You know you have static cling when you remove your hat and your hair stands on end. The electrons from the hat transfer to your hair. They have the same charge, so they repel each other. This imbalance between positive and negative charges called electrons causes static electricity. Static cling gets worse during the winter with drier air. Add moisture to the air to decrease the static charge. Address the problem of static cling by eliminating the cause or treating the material.
Quickly remove static cling by wetting your hands with water and brushing them over your clothing. The moisture will eliminate the static charge. Or spray the air with water from a spray bottle if you have static cling on your clothes. Walk through the water mist you created to discharge the static.
Spray your clothing with antistatic spray for another quick fix. Make your own antistatic spray by pouring a little fabric softener into an empty spray bottle then topping it with water. Use one part fabric softener to 30 parts water. Also spray your car seats and furniture and let them dry.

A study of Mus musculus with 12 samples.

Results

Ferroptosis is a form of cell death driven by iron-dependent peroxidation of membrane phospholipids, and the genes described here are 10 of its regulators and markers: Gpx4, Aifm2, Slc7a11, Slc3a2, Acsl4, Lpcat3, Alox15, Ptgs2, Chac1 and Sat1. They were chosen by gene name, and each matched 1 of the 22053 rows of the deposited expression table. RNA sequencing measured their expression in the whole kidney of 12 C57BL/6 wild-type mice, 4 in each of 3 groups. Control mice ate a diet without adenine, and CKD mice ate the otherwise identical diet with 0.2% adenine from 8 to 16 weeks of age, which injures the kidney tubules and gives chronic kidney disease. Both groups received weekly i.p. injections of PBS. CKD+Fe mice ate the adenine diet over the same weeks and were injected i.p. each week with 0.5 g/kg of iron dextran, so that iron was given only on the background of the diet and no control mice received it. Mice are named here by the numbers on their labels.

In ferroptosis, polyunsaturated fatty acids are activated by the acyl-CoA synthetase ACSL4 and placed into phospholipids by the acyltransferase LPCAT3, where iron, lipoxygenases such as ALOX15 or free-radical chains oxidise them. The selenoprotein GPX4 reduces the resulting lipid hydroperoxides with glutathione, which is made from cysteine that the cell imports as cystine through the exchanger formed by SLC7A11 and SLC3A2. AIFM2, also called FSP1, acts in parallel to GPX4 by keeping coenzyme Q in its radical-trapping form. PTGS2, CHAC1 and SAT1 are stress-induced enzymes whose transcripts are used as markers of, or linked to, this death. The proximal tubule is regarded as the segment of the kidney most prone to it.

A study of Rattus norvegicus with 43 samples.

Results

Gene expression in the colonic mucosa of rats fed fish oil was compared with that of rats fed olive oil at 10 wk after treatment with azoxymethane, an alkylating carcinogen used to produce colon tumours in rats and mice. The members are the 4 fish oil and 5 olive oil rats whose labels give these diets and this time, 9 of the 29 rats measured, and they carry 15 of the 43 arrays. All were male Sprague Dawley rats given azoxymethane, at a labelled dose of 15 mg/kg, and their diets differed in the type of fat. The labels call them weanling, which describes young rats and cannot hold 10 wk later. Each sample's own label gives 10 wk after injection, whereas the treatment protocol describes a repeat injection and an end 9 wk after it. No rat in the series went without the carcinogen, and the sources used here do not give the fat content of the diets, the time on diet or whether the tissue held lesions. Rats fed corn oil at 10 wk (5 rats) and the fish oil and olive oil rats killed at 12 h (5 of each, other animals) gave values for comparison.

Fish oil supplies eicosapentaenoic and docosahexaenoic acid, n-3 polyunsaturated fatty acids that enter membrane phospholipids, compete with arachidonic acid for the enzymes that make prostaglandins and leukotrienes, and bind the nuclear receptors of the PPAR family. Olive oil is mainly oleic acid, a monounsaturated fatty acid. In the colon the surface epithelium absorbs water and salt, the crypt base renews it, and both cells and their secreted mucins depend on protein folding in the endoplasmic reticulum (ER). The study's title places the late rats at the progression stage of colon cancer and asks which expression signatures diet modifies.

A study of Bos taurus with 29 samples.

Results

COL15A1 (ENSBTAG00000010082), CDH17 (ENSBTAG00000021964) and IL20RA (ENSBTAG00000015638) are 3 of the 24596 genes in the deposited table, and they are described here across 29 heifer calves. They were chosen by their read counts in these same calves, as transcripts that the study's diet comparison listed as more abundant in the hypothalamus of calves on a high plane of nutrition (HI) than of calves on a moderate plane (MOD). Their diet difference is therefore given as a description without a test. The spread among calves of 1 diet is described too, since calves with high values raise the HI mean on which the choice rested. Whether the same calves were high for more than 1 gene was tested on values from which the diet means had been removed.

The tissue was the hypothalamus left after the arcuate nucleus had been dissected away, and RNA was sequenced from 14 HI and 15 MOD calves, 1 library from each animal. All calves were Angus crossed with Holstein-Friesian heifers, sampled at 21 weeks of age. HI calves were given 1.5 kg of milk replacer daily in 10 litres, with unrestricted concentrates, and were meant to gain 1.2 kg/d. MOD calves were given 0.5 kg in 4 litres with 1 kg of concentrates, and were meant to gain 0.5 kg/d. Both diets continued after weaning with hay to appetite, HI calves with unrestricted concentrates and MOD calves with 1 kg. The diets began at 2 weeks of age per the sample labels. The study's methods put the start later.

Wear clothing made of natural fibres such as cotton. Cotton is a neutral fibre that will not become charged to the extent of synthetic fibres.
Use a humidifier at home while getting dressed. The humidifier keeps moisture in the air around you.
Wear moisturiser. Keep hand lotion with you on a regular basis.
Use fabric softener when washing your clothes in the washing machine, or use fabric dryer sheets in your dryer.
Dry your clothes halfway in the dryer then hang them to air dry. Remember, dry air causes static cling.
Purchase socks with an antistatic finish to keep trousers and lint from clinging.
Dampen a fabric dryer sheet with water then rub it over your stockings or pantyhose while wearing them to get rid of static cling.
To prevent static cling, pour 1/2 cup of borax or white vinegar into the washing machine during the wash and rinse cycle.